Recently the results of the first trials for Remote Tower operations in the Netherlands were documented and published as part of a SESAR Joint Undertaking report. These unique trials took place in September last year.
On September 8, 2016, for the first time, tower control services in the Netherlands were provided from a remote location. Tower control operations at Groningen Airport Eelde were transferred to the Remote Tower Centre (RTC) at LVNL Schiphol-Oost (ATC The Netherlands Headquarters). During a working session of about two hours, control operations were carried out for both a Single Remote Tower concept with live traffic at Groningen Airport Eelde and a Multiple Remote Tower concept with live traffic at Eelde and concurrently simulated traffic in a Maastricht-Aachen Airport Beek environment.
The camera system for the outside view, including a Pan-Tilt-Zoom (PTZ) camera and several overlay options, was delivered to Eelde by Saab. Traffic for the Maastricht operation as well as a realistic tower working environment that was integrated in the live trial working position were simulated on the NLR ATC Research Simulator (NARSIM) platform. The Multiple Remote Tower operations lasted for 45 minutes. In addition to controlling the live traffic in Groningen, two departures and two arrival aircraft that were simulated in the Maastricht environment were controlled from the RTC. After a break of 90 minutes, the evening peak at Eelde was also controlled remotely from the Remote Tower Centre at LVNL. In total, 37 live movements were counted at Eelde.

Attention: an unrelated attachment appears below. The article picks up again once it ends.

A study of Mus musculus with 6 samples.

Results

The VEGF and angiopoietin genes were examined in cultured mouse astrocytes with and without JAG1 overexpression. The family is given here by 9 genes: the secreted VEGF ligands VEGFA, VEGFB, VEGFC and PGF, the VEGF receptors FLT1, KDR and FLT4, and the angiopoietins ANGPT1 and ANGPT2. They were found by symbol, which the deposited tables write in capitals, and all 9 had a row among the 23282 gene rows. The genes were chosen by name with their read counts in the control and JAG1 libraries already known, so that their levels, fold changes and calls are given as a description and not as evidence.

The demonstration activity was part of the European SESAR Large Scale Demonstration project and was carried out in co-operation with Swedish ATC LFV and German ATC DFS, who both carried out their own demonstration sessions. In the Netherlands the focus of the tests was on operational feasibility aspects of both system and concepts for a busier and more complex airport such as Groningen Airport Eelde. Furthermore, the possibility of controlling traffic simultaneously on two airports was assessed.
The trials have been a major milestone in answering questions about the applicability of the Remote Tower concept in the Netherlands. It is expected that, in the future, the Remote Tower concept will lead to a more efficient deployment of air traffic controllers and a cost reduction for tower control operations. NLR plans to further use their Remote Tower simulation facilities in future research, development and implementation activities.